Shakespeare worried — or pretended to worry — about whether the “wooden O” of the Globe Theater could house a pivotal battle. The director Robert O’Hara has only 12 square feet of carpet to work with in his swift, sometimes stumbling production of “Henry V” for the Public Theater’s Mobile Unit.
The Mobile Unit travels around to underserved populations, performing for the homeless, the elderly, the incarcerated, before rolling back up to the Public Theater. If the history play “Henry V” hasn’t insinuated itself into popular culture as easily as some plays — hi, Hamlet! — it lends itself to carting around, however small the carpet swatch. It’s a brisk and straightforward history play with a plot that doesn’t do the twist. Following the “Henry IV” plays, it describes Henry’s rash but ultimately successful invasion of France. Though the play isn’t as on-the-nose jingoistic as some interpretations insist, it’s still a provocative choice in a volatile political moment.
Well, Mr. O’Hara, who is also a playwright (“Bootycandy,” “Barbecue”), doesn’t mind provoking, but while he complicates the script in several ways, it takes a long time to figure out what he wants to do with it. The nine actors speak the prologue as a chorus, then spend the next 100 minutes running from one side of the room to the other, tugging on red accessories when they’re playing the English and blue ones for the French. (Only a few costume pieces and props are used, and there’s no set except for that carpet and a throne.)
Having the same actors play opposing sides undercuts our desire to cheer for the English, subverting the play’s nationalism. If the exaggerated accents are a privilege of the French roles, almost all the parts are played as caricature. The verse is usually clear — sometimes those snooty accents muddy it — but there’s not much interiority on display. Color-coding aside, it can be tough to suss out who’s who. An exception is Patrice Johnson’s shade-throwing, scarf-wielding Mountjoy.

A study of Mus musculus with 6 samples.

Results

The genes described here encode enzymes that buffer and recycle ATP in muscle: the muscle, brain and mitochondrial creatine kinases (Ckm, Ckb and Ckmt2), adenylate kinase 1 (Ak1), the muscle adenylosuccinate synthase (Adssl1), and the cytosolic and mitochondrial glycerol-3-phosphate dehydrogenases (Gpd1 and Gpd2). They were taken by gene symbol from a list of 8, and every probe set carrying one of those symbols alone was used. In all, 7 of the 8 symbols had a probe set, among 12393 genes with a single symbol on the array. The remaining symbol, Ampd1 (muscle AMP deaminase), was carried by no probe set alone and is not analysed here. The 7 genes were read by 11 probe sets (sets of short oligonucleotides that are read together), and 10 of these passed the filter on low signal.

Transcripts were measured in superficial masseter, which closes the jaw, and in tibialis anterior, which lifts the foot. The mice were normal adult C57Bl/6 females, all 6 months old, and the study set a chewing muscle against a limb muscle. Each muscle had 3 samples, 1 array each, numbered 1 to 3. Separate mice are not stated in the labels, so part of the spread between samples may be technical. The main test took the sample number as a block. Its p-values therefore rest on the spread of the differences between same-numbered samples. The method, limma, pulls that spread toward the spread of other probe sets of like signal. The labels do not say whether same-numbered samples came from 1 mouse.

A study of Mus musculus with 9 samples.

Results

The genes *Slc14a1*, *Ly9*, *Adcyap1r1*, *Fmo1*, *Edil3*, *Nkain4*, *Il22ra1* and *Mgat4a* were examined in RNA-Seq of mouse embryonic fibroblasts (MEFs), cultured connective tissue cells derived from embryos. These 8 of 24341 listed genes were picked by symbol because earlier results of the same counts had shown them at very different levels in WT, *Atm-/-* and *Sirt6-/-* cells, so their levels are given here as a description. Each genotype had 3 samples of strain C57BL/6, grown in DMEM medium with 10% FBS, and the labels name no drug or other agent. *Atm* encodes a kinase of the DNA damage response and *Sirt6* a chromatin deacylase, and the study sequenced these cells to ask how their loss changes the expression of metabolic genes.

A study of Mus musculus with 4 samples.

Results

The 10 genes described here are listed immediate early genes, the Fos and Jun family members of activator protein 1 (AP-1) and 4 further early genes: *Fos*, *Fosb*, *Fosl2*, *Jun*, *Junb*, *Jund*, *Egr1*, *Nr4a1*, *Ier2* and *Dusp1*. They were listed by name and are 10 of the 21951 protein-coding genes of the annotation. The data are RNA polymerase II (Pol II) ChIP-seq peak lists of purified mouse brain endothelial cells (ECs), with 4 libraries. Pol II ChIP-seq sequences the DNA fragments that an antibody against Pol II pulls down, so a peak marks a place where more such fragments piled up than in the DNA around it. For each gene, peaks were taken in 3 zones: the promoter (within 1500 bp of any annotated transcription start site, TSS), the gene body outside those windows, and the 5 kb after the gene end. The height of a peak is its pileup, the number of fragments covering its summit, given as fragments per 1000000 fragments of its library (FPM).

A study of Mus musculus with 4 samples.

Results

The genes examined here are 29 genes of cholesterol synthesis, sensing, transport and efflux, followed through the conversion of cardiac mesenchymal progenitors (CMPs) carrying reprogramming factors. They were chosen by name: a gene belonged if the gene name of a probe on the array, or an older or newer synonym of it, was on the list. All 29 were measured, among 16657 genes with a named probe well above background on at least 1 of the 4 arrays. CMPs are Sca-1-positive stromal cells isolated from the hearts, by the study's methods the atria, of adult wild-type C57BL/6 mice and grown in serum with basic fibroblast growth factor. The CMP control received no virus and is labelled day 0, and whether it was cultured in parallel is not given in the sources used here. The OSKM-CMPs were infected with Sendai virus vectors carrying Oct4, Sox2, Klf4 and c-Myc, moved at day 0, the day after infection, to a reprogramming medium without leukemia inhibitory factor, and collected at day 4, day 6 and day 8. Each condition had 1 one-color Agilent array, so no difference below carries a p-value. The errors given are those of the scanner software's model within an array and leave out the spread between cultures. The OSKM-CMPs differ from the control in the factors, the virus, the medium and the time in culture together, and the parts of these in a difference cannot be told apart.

Mr. O’Hara’s most obvious intervention is the casting of the engaging Zenzi Williams, an African-American actress, as Henry, a canny move that makes us ask some useful questions about whom we expect to see leading an army and rocking a crown. Ms. Williams can do both, handily. It’s unclear whether she’s playing the part as male or female. It’s extraneous, too. Gender doesn’t seem to matter to this production.
What does ultimately matter is power — who has it, who wants it, how to wield it. If Ms. Williams’s Henry is an inspiring leader when victory seems anything but assured, the actress transforms into a much more worrying one once Agincourt is won. (What’s that thing about power corrupting? Oh. Right.) The wooing scene, usually played as a sweetly comic cool-down after the heat of battle, isn’t sweet here, as Henry asserts his battle-born authority in violent and abusive ways. Too bad Princess Katharine lived before #BalanceTonPorc got going.